What are the differences between Vietnamese and American women?

Sunday, May 25, 2014, 14:38 GMT+7

A Vietnamese writer pointed out many differences between Vietnamese and American women in an exchange held at the Vietnam Women's Museum in Hanoi on Wednesday.

The event, in which Vietnamese female writer Phan Viet talked about the differences in terms of career paths and mindsets, was organized on the occasion of the publication of her new book, “Xuyen My” (Journey Through America).

“I did not know how to make up and only focused on studying when I was in Vietnam,” the author shared. “I only knew the feeling of being a woman after getting married and going abroad. Therefore, I have no idea how to be a Vietnamese woman,” she added.

Being a woman in America is much easier, Viet asserted, saying she could spend hours talking with men about numerous social problems that women often care, a thing which is rarely seen in Vietnam.

“In America, nobody asked me if I got married or had any children or not. I was already divorced but no one knew. I did not speak out and they would never ask me as it belongs to one’s private life. However, those are always the top questions everybody asks in Vietnam,” Viet said.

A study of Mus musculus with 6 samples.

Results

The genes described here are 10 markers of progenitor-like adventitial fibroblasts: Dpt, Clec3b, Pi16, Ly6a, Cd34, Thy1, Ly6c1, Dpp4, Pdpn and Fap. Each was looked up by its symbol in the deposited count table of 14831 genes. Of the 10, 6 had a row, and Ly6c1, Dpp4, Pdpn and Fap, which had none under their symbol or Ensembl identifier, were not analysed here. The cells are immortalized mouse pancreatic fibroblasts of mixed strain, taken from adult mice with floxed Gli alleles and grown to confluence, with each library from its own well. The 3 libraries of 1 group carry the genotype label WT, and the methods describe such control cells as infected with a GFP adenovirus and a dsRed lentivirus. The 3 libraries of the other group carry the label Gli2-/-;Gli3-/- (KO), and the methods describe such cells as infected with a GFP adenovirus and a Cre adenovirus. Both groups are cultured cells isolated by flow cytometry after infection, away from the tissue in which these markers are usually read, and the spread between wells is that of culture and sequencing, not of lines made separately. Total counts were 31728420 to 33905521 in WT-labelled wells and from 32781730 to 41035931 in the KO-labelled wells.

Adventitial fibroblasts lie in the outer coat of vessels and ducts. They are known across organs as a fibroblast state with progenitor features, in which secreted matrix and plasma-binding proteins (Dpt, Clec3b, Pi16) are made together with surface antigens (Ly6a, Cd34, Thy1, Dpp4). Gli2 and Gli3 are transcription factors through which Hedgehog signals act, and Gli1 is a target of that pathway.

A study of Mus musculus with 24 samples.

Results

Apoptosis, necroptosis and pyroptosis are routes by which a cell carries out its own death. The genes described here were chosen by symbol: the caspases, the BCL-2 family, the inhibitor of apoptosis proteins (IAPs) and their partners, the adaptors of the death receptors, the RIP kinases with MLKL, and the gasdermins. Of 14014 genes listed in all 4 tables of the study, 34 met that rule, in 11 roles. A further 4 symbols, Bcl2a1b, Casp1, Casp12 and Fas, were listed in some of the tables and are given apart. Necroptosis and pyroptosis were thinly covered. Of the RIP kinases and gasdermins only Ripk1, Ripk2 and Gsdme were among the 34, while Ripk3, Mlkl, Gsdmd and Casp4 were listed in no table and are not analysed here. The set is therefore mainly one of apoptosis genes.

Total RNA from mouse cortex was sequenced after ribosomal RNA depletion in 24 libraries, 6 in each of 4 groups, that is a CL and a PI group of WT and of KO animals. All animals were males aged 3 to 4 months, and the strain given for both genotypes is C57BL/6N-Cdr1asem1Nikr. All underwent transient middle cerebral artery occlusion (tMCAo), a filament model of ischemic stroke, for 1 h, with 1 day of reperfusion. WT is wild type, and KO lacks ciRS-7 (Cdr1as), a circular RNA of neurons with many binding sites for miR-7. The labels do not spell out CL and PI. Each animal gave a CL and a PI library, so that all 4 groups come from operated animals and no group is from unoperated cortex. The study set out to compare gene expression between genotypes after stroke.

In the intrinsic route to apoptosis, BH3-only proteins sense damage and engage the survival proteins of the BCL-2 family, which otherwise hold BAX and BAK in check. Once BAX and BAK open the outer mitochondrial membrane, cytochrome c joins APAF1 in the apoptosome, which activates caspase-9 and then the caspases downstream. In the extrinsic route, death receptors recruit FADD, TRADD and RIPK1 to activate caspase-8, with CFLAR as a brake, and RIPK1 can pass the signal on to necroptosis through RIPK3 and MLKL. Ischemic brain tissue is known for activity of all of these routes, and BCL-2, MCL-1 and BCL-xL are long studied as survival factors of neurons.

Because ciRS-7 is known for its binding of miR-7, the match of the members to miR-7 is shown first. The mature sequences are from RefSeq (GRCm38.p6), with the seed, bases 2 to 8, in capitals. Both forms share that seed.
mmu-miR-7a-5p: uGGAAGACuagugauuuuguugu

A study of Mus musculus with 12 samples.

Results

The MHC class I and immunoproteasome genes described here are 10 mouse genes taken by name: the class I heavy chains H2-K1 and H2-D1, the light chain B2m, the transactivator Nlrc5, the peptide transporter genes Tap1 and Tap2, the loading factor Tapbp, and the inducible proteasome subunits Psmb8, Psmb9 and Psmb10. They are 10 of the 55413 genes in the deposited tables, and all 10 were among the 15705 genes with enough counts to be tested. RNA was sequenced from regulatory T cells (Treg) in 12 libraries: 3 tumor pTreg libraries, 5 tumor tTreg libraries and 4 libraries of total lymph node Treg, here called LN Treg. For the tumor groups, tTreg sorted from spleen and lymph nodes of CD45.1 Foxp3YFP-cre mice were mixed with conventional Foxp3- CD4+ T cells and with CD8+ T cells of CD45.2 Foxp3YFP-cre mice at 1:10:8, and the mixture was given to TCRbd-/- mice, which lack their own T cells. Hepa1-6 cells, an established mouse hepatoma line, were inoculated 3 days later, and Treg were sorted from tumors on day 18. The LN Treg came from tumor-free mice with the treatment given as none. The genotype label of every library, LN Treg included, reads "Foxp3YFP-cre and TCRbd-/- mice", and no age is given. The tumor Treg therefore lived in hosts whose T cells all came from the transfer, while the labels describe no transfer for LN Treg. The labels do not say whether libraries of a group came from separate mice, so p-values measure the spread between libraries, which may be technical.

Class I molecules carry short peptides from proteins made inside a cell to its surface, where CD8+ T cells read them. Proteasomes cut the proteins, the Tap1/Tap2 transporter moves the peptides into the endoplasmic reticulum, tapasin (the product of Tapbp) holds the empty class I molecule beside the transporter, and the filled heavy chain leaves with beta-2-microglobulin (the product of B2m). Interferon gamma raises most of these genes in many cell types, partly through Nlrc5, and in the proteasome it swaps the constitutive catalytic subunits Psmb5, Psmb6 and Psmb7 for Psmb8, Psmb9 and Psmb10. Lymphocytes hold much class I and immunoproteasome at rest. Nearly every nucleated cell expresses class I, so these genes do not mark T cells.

On the other hand, according to an American female student attending the exchange, Vietnamese women are healthier than their American peers as she saw most of the people rowing boats on the Yen stream, which leads to the well-known Huong (Perfume) Pagoda in the southwest of Hanoi, are women, which she has never seen in the U.S.

Another participant stated that the role of women in Vietnam is always important as they often take care of children and have a great impact on the decisions made in their family. However, they often choose to support their spouses’ careers, she added.

The event was organized by Viet and 13 American students and lecturers from the University of South Carolina, who are all taking part in social work.

“Xuyen My” is a sequel to Viet’s memoir “Bat Hanh La Mot Tai San” (Misfortune Is an Asset), talking about the feelings and experiences after the breakdown of her marriage.